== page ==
The reforms present an opportunity to do more for patient advocacy, while learning how to handle complaints better, says advocacy agency POhWER chief executive Valerie Harrison.
Statutory advocacy has only existed in England since 2003 and most services are much more recent. For many patients, advocacy represents a very effective “reasonable adjustment” and there is growing awareness among clinicians that a professional independent advocate trained to support people with communications needs can enable effective dialogue.
As the largest advocacy service in England, handling 50,000 enquiries last year, POhWER carried out a survey on complaints and advocacy, to which just over 1,000 people we have helped with a complaint responded. Many of them were NHS “frequent fliers”.
Our response to the recent Commons health committee’s inquiry on complaints and litigation in the NHS was based on the patients’ responses. Its report, which is awaiting a government response, endorses the value of independent advocacy and picked up on many of the issues we highlighted.
First of all, patients need more information about their care/treatment and help to understand it. This could lead to fewer complaints.
In our survey few people recalled being given clear explanations or written details of their treatment plans. Many said that they would not have needed to complain had clinical staff taken more time and been better able to communicate with them.
Most patients finally got to talk about their needs and worries when they obtained the support of an advocate. Many were frustrated to find they could have had advocacy support much sooner had their concern been registered as a complaint if it remained unresolved after one day. No new resource is required to achieve this change – indeed it may save money – but for it to happen the NHS must do more to increase awareness of statutory advocacy among staff and patients.
Second, there should be action to resolve problems as they arise, rather than waiting for more reports about failures.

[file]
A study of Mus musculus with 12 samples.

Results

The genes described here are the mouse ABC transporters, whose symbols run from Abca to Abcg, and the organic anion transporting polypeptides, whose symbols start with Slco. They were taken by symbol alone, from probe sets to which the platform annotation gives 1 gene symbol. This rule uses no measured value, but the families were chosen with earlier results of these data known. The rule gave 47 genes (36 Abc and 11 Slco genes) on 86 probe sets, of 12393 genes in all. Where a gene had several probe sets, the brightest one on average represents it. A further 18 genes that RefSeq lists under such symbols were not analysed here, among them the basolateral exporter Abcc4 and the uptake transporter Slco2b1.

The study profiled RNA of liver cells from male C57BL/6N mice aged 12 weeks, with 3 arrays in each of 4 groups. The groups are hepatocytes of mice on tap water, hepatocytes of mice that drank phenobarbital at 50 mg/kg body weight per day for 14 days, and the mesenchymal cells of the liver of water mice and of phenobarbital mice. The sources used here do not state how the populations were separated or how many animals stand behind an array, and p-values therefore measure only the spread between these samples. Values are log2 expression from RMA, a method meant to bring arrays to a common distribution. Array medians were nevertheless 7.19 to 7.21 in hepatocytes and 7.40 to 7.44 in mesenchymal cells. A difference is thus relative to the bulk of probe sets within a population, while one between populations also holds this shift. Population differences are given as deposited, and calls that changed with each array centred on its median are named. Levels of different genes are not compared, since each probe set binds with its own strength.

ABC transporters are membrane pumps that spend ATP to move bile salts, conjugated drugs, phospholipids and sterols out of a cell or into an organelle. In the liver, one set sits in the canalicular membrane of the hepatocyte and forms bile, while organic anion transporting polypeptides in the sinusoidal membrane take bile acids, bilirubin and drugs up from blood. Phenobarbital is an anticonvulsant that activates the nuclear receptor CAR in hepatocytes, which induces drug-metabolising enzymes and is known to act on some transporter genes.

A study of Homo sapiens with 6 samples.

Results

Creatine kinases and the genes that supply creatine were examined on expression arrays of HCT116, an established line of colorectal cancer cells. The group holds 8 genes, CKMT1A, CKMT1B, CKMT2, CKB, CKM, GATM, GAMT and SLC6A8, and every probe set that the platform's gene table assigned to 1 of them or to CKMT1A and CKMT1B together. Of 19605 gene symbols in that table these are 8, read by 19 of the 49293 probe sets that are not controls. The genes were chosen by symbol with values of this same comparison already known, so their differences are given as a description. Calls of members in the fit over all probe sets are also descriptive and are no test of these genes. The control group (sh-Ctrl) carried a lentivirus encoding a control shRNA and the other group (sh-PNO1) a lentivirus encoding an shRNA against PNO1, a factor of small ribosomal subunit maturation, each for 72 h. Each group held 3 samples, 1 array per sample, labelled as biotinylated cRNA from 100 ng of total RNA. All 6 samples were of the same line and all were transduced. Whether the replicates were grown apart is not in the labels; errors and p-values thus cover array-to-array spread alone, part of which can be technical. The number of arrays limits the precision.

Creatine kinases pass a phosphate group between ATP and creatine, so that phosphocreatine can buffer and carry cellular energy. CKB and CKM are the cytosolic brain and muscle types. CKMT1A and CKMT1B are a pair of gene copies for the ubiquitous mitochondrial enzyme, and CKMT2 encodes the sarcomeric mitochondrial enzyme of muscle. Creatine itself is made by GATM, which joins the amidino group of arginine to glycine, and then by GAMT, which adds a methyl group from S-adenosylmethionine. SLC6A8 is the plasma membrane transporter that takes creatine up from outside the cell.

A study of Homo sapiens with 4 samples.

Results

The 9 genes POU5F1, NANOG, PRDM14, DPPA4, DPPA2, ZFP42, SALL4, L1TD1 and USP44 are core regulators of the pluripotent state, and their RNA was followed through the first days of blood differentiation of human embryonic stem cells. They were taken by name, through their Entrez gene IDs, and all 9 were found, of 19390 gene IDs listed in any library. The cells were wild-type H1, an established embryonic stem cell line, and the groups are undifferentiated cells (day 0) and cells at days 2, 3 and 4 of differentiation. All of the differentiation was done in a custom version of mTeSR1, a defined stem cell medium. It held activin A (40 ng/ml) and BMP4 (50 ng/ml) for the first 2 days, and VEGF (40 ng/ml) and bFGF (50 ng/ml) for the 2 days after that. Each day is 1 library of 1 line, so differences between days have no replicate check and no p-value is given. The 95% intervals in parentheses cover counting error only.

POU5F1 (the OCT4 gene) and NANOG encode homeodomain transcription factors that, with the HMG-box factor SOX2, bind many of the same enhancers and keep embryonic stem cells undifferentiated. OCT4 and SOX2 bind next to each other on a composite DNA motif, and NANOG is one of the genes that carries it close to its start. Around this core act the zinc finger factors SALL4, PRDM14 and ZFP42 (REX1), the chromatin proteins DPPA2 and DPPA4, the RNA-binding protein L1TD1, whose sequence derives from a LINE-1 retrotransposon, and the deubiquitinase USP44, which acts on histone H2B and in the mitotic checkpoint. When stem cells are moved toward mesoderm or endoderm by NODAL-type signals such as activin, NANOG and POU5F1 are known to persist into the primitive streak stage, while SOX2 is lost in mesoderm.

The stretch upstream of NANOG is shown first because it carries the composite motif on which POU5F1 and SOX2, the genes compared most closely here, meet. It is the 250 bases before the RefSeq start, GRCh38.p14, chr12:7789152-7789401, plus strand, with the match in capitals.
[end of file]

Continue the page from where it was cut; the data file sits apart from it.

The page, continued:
Reports about poor care often identify similar failings. Patients want greater effort to prevent and solve problems. This need not require new guidance or resources: the NHS complaints system already provides for on-the-spot resolution through patient advice and liaison services and for matters unresolved after one day to be recorded as complaints, triggering the right to statutory advocacy support. Again, awareness is the key.
Serious clinical complaints need a fast route to the ombudsman. The ombudsman is the only part of the complaints system to provide independent clinical advice, but it can take two or more years. Patients are concerned about the people who are exposed to risk in the meantime. Like patients, the ombudsman recognises the effectiveness of advocacy support in increasing the likelihood of cases being accepted by her office.
Patients agree with the health committee that the kinds of cases that could benefit from early referral need to be identified and offered advocacy support. This could be achieved by refocusing existing advocacy resources.
Patients with complex needs should be provided with advocacy across the health and social care spectrum. Many of these patients have difficulty communicating. Boundaries between systems and the absence of advocacy are further barriers. Many reports of NHS failures point to poor coordination.
These difficulties mean that the NHS and related systems are deprived of the opportunity to tackle such problems and to learn how to avoid such failures. The proposed transfer of responsibility for commissioning the Independent Complaints Advocacy Service (ICAS) in the NHS from the Department of Health to local authorities in 2013 gives us an opportunity to refocus and extend the right to statutory complaints advocacy across the whole health and social care system through a better use of existing resources.
Finally, more support should be given to patients when highly critical reports are published that might deter them from entering hospital or seeking treatment. Calls to our information centre rise considerably each time a critical report is published, with many patients expressing worry about their care and treatment. ICAS could provide even more effective support if access to advocacy were to form part of the communications plans that accompany the release of such reports.
There is a greater appreciation of the role of independent advocates and now a new opportunity for even better service and better use of resources. The ombudsman is clear about the value of advocacy and, on average, each complaint about the NHS where a patient was supported by POhWER leads to three changes in practice. Standards improve.
If the responsibility for commissioning all statutory advocacy services transfers to local authorities in 2013 as proposed, for the first time there will be the opportunity to review services in the round. We urge government, local authorities and the new HealthWatch England to show real commitment to the principle of “no decision about me without me” by taking this opportunity to protect existing resources and use them to provide and promote the professional advocacy support that is so valued by the most vulnerable of their service users.